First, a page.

Is Google Play Safe?

Protect your Android from malware


In late 2018, Forbes reported that half-a-million Android users downloaded a virus from Google Play disguised as a racing game. Just a year earlier, Israeli cybersecurity firm Check Point Software Technologies discovered an Android virus that charges users’ phone bills for fraudulent text messages hidden within 50 apps on the Android Market. The infected apps were collectively downloaded 21.1 million times before Google finally removed them.

Google Play, also known as the Android Market, is the online store where Android users download mobile apps. Released in October 2008 with about 50 apps, Google Play is home to more than a million apps over a decade later. Although Google has tried to keep malware off of its platform, new reports of infected Google Play apps seem to pop up every year. Fortunately, you can lower your risk of downloading malicious software by following some simple best practices for staying safe online.

A History of Android and Malware

By default, Android devices are safe from "drive-by downloads," or malicious code that gets downloaded to your device without your consent or knowledge. Unless you manually change the security settings, you will always receive a notification before any new software is downloaded or installed. In other words, the only way to get a virus on your Android device is to willingly download it.

Unfortunately, cybercriminals have become very creative when it comes to hiding malware inside of seemingly harmless apps and uploading them to Google Play. Such malware doesn't just slow down your device; it can steal your personal data, including your phone number, e-mail addresses, and even your GPS coordinates. Once infected with malware, your device becomes vulnerable to even more outside attacks.

When compared to Apple’s App Store, Google Play’s track record with malware is less than stellar. Why is this so? Google and Apple have very different approaches to apps. While Apple operates within a tightly controlled system where developers must pass Apple’s strict requirements, Google attempts to keep the installation approach as open as possible. With Android, you are able to conveniently install apps through multiple means, which include Google Play, non-Android stores, and sideloading. When submitting their apps, developers have to negotiate a lot of red tape with Apple, which isn't the case with Android and a reason malicious apps are distributed more frequently through the latter system.

How Google Play Is Combating Malware

Google started taking malware in its app store seriously in 2012 with the launch of an Android security feature called Bouncer. Bouncer scans Google Play for malware and eliminates suspicious apps before they reach users. In the year it was released, the number of infectious apps on the mobile store dropped by only 40 percent. Security experts quickly found flaws in the system, and cybercriminals learned to disguise their malicious apps to subvert Bouncer.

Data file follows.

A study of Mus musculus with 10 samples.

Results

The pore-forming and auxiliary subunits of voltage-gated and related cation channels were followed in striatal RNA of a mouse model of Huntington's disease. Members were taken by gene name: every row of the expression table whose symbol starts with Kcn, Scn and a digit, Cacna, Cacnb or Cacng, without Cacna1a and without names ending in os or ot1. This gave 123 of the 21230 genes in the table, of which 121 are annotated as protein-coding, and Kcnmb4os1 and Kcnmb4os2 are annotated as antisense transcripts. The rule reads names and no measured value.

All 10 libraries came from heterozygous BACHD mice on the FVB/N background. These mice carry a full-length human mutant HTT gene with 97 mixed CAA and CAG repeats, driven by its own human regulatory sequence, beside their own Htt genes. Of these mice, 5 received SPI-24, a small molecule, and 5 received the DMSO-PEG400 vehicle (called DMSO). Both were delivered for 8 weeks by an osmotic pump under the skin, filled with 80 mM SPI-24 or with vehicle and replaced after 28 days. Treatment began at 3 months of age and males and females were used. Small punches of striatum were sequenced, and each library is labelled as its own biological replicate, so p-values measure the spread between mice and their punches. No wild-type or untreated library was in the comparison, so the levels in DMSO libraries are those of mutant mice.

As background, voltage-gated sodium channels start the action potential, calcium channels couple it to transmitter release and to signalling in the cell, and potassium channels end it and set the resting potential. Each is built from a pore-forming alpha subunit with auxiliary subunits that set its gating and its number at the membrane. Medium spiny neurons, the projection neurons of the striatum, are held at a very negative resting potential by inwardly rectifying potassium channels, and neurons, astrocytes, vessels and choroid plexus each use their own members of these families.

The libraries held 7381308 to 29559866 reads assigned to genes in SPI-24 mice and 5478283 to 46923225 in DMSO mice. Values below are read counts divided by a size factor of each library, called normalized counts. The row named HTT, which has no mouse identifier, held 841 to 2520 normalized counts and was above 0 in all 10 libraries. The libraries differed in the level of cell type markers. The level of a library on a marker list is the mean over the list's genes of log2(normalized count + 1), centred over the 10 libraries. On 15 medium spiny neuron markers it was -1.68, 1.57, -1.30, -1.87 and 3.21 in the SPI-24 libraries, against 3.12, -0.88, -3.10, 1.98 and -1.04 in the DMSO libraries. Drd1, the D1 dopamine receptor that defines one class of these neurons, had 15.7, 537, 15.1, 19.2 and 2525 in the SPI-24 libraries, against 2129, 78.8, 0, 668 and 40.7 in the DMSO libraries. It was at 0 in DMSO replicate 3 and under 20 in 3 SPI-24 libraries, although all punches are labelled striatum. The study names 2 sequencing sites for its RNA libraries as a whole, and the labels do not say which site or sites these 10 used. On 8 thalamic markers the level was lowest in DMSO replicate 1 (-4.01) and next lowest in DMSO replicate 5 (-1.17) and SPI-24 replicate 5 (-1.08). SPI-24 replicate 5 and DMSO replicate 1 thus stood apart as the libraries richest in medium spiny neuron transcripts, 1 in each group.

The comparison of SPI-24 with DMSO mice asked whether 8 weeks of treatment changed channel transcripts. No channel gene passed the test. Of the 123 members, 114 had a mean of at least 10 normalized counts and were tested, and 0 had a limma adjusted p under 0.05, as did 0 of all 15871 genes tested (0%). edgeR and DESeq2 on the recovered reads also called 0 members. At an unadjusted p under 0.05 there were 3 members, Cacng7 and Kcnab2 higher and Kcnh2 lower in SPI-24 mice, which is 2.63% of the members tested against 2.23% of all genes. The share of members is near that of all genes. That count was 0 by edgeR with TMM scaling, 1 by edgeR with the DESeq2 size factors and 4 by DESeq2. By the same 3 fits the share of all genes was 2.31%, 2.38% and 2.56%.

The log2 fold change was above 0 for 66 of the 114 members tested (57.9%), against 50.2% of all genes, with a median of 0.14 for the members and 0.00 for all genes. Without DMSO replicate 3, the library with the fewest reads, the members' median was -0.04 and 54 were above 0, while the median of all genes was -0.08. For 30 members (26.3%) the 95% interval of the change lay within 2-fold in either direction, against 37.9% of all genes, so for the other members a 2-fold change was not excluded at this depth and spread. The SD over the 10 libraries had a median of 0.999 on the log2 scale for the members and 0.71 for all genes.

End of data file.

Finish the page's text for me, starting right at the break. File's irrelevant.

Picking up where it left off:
Google later introduced a built-in malware scanner for Android devices called Google Play Protect, but it hasn't fared much better than Bouncer at detecting apps that contain viruses. In comparative studies of various antivirus software, Google Play Protect consistently ranks last. Google finally implemented a human review process for apps in 2016; nonetheless, bad actors are always finding new ways to evade Google’s anti-malware measures, so it's up to individual Android users to keep their devices safe.

How to Stay Safe From Malware on Google Play

You can take the following preventive measures to lower your risk of installing infected apps:

  • Only download from reputable sources such as Google Play or the Amazon Appstore. Although Google Play isn't 100 percent safe from malware, it's safer than downloading unofficial apps.
  • Take a glance at app reviews. People will often rate an infected app poorly and will usually warn others through the app reviews.
  • Use strong antivirus protection such as Lookout Mobile Security, AVG, or Norton.
  • Do not root your device or change the default security settings.

How to Tell If You Downloaded a Virus From Google Play

It's not always immediately obvious that an app you've downloaded is malicious. In fact, cybercriminals rely on users' ignorance to steal their data. If your device is running slower than usual, the cause could be either a virus or low storage. If you're suddenly bombarded with advertisements in your phone’s notification bar, or you notice mysterious icons popping up on your home screen, there's a good chance you have malware.